Taking Action for You: 83-year-old woman stunned by $900 water bill
A plumber couldn't find a leak and the homeowner, Leota Killin, couldn't find an explanation for such a high bill.
“Well, I called immediately and then I sat down and cried,” Killin told Fox59.
First she called the plumber and found there was no leak. Then, she called Citizens Energy Group.
“They were very nice but they said I had to pay the bill,” Killin said. “I just kind of freaked out.”
Fox59 asked Citizens to check her meter, which they did. However, after removing and testing it, nothing was wrong, according to Sarah Holsapple with Citizens Energy Group. Holsapple said it was possible to rack up a bill that high.
Killin’s September bill is a result of estimated billing in August and an actual reading in July, plus the two hot, dry weeks before the watering ban took effect. Similar increases happened to others.
“While it doesn't seem like a person could consume that much water in a two-week period, they absolutely could and we've seen customers that did that,” Holsapple said.
Extremely high bills can come from irrigating a lawn or leaving a hose running accidentally, Holsapple pointed out.
“When we look back at her history, her usage does seem to spike in the summer, which would indicate she is watering,” Holsapple said.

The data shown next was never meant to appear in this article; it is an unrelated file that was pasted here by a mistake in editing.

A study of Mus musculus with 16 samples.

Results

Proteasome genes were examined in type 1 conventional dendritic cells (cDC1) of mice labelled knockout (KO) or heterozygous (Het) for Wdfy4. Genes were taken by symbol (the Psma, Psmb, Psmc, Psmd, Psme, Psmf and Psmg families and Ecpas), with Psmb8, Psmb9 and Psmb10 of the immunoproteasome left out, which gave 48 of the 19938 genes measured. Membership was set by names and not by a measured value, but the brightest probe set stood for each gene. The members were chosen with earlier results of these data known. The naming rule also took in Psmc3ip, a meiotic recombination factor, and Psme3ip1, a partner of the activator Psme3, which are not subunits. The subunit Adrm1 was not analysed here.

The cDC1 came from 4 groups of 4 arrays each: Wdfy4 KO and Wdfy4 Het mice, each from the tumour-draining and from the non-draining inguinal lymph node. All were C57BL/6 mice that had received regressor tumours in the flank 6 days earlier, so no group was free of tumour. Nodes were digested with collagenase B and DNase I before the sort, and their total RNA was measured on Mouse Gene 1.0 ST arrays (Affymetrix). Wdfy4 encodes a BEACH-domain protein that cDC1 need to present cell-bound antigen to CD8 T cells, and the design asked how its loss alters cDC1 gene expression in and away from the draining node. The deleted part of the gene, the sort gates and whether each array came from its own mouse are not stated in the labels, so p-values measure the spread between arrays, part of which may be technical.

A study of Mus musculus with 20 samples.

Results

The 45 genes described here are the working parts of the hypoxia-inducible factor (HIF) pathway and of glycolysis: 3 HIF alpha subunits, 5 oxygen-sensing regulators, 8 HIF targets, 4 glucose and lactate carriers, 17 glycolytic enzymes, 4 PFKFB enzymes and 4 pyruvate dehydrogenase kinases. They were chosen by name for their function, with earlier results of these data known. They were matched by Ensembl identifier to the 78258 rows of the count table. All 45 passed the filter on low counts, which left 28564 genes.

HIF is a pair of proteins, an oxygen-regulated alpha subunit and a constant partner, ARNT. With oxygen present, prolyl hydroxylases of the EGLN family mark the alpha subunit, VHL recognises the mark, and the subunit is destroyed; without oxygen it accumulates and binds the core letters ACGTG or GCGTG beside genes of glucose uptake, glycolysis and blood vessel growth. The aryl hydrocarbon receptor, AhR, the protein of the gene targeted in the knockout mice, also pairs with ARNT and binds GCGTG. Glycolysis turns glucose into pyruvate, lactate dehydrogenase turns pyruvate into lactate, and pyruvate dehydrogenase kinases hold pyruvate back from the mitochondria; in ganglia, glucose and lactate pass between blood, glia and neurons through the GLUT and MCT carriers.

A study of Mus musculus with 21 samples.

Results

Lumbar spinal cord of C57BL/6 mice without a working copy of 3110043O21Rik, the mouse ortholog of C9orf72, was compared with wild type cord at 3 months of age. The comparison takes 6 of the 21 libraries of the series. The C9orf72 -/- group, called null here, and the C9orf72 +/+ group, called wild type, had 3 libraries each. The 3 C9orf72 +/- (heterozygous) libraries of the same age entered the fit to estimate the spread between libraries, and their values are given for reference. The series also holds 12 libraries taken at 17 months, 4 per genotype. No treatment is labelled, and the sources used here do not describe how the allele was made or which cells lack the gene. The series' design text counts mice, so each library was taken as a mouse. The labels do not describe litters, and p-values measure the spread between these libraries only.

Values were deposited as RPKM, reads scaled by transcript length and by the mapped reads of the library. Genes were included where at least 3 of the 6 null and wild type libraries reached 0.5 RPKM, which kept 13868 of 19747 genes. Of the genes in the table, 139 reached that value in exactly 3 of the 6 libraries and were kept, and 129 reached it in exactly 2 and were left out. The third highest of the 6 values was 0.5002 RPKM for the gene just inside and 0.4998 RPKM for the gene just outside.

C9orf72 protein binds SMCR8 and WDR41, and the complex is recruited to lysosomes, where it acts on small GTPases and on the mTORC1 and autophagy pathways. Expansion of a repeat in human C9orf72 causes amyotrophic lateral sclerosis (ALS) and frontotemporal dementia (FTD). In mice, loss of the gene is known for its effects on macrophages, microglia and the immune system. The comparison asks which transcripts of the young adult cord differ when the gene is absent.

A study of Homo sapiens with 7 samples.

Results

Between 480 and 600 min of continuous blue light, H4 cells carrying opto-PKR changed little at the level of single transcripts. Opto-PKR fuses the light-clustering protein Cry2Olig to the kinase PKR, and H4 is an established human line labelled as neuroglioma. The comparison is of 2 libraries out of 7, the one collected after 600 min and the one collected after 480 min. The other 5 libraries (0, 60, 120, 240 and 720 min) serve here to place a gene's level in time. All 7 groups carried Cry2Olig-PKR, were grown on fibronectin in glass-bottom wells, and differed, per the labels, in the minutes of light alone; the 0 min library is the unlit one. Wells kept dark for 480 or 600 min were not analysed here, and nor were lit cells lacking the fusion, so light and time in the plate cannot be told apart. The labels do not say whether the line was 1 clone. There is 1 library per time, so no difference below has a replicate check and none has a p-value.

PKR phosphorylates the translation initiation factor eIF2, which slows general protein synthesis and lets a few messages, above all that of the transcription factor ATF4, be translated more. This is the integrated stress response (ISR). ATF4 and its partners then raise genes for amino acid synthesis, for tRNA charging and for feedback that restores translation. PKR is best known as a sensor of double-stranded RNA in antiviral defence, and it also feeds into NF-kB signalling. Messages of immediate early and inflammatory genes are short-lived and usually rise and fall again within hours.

Killin just added septic service to her bill so that increased her costs. Still, she doesn't think there is any way she used that much water.
“That’s still a big bill for a lady that lives alone and nobody knows where the water went,” Killin said.
“If the meter isn't malfunctioning, then we believe it is probably because of water use,” Holsapple said.
Citizens did agree to cut Killin’s bill almost in half as a one-time courtesy. She'll now be billed $447 and use a payment plan.
“If a customer is in a situation like that, we do want them to call us. We are willing to work with them,” Holsapple said. “But customers do need to realize that we have a job to do too and if someone has used a certain amount of water they are expected to pay it.”
Killin said she's likely going to turn off her water and try to use a well, fearful of another incident like this.
“I don't know what they'll do to me next, with all of this,” Killin said.
That was the last round of estimated billing so Citizen's Energy Group customers won't be dealing with estimated billing anymore. The only exception is a weather-related issue in which crews can’t read a meter.
The company will also see if Killin qualifies for the "Warm Heart Warm Home" program designed to give assistance to those with low incomes. If she qualifies, she'll get a $200 credit.